So I pull up to the Metro Water shack on the Old Steese Highway to get a couple jugs of water the other night at 20 below and there’s a guy with his pickup backed up to one of the pumping stations with a water tank in the back of his covered truck.

As I’m trying to get my pumping station to accept my quarter, which it wouldn’t, I notice the guy pull a small propane bottle and weed burner out of the  back his truck. My first thought was that he must be working on a broken pump and needed to thaw something out.

I watched as he pulled a short, heavy piece of steel out of his truck and dropped it on the ground. It looked like a two-foot long piece of railroad track. Then the guy fires up the weed burner and lays it on the ground, pointed directly at the piece of steel a few inches away. 

Seeing that he didn’t seem to be in a hurry, I asked, “Is that pump working?”

“Yeah,” he said.

“Do you mind if I fill up a couple jugs real quick?” I asked. “This pump won’t take my quarter.”

“Go ahead,” the man replied.

As I was filling up my jugs, I couldn’t help but ask, “What’s with the weed burner?”

“I live quite a ways out of town so I heat this up and wrap it in a blanket and then wrap another blanket around it and the valve on my tank so it doesn’t freeze before I get home and I can drain the water,” he replied.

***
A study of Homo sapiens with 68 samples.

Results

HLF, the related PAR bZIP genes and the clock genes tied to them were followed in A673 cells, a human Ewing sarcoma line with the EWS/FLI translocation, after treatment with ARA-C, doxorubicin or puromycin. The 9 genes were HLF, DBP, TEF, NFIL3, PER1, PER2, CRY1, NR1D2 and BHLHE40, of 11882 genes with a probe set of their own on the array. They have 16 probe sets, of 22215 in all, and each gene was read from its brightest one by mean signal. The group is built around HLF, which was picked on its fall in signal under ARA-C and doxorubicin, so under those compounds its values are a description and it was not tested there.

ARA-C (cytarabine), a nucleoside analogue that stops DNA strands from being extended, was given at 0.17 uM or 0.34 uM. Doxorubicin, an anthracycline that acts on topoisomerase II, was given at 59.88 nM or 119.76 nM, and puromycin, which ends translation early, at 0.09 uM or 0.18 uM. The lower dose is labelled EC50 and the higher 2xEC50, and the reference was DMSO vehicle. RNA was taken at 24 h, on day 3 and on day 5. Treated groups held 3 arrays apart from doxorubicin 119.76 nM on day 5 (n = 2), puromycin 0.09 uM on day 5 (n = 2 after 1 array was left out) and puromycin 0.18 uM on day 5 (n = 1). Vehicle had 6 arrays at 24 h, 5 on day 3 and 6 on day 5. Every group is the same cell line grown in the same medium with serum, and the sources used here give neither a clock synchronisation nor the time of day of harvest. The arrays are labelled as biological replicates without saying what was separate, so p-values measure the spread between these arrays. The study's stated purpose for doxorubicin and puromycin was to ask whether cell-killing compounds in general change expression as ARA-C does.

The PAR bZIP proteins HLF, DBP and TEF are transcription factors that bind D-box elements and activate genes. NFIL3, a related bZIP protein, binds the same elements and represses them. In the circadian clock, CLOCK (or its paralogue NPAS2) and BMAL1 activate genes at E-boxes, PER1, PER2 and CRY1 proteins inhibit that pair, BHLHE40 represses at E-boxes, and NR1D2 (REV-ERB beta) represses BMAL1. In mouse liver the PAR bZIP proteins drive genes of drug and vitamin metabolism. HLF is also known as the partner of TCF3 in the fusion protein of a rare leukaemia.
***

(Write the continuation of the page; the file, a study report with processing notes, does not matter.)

“That’s a great idea,” I said.

“Water’s pretty important,” he replied matter of factly.

While we have a well at home and I only have to haul a few jugs of drinking water every few days, I can appreciate what people who haul major quantities of water go through during cold snaps and was impressed with this guy’s ingenuity.

Actually, now that I think about it, the people who are hauling jugs of water like me probably have it harder than people hauling tanks in the back of their trucks. While they can stick the hose in their tank and climb back into their warm trucks until the tank is filled, we have to stand out in the cold and get sprayed with water while filling our jugs because the hose nozzles always seem to be just a little too big for the opening on the jugs. Then we have to load into the back of our car, van, truck without slipping on the ice.

Either way, hauling water at 30 and 40 below is not fun.